SAN FRANCISCO, Calif. — The loss caused by COVID-19 cuts deeply everywhere you look, but for one community, it’s the hatred during the pandemic that’s brought the most hurt.
"This hits me very close to my heart," said Benny Luo, who founded NextShark.com, a website dedicated to issues facing the Asian-American community.
Through his reporting, he’s seen violence and discrimination toward people of Asian descent increase greatly since the pandemic began.
"Next Shark has published probably over 750 stories related to Covid-19," said Luo. "Around half of those reports, which is around like 375, are related to discrimination and racism and harassment of Asian individuals. Around 125 are related to Asian businesses, restaurants, even Buddhist temples being vandalized or burglarized."
San Francisco and surrounding cities have seen a spike in these graphic attacks. The Oakland Chinatown Chamber of Commerce shared a video of a 91-year-old Asian-American man being slammed to the ground.
Three days before, an 84-year-old Thai-American was shoved while walking outside. He later died from the injuries.
"Around 30 percent, I'd say, were attacks on the elderly," said Luo.
The countless horrifying encounters make Luo worry for his own family every day.
"I have a 95-year-old grandmother that currently lives in the same San Francisco Bay Area and specifically in Chinatown. I mean, it's too close to home for me," said Luo.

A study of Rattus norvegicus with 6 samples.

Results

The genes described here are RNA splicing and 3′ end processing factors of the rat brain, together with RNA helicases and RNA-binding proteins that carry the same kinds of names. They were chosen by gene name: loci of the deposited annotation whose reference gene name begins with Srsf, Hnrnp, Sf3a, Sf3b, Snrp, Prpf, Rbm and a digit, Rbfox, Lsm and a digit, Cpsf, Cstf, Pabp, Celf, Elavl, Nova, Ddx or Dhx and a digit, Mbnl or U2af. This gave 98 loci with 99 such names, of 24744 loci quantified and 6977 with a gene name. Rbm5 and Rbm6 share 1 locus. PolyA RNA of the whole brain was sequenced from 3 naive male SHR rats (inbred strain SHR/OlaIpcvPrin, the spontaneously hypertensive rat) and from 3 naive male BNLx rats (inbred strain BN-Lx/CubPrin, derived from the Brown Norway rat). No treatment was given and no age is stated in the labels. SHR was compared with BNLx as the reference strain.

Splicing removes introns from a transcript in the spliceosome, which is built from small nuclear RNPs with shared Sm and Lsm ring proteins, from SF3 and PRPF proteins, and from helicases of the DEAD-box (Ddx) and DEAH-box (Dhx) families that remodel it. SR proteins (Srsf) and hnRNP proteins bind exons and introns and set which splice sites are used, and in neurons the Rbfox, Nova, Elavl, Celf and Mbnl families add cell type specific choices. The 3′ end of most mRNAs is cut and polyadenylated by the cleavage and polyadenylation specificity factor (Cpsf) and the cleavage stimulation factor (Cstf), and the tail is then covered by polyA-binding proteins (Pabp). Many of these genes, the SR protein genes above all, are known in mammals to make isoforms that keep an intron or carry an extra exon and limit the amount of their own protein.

Especially because caring for their most vulnerable is a staple in many Asian cultures.
"Anybody that is Asian, or East Asian descent, you’ll know how valuable and how much you have respect for the elderly, and so it's, it's a tough situation all around," said Luo.
Luo said these crimes are that much more devastating because many of these incidents aren’t ever reported.
"Especially the older generation, we don't really want to cause trouble and make noise," said Luo. "I can tell you this in many, many times dozens of times when we are looking into a story and a lot of people are telling us that we have to report on it. You know there's videos of it being shared online, but, you know, once we kind of get to the source, you know, they don't really want to go public with their story."
But that’s something Luo wants to change. He wants to bring more representation to issues facing the Asian-American community center stage, and the time to accomplish that is now.
"The tide is shifting, especially with the new generation. We're definitely a lot more vocal, said Luo.
"We just got to continue sharing and sharing these stories making noise and activating our local leaders, whether it's community leaders, politicians to take action, to really spread the word that this is not okay."
He and his team hope with each story they bring to light, more people will see that this side effect of COVID-19 can be just as damaging as the virus itself.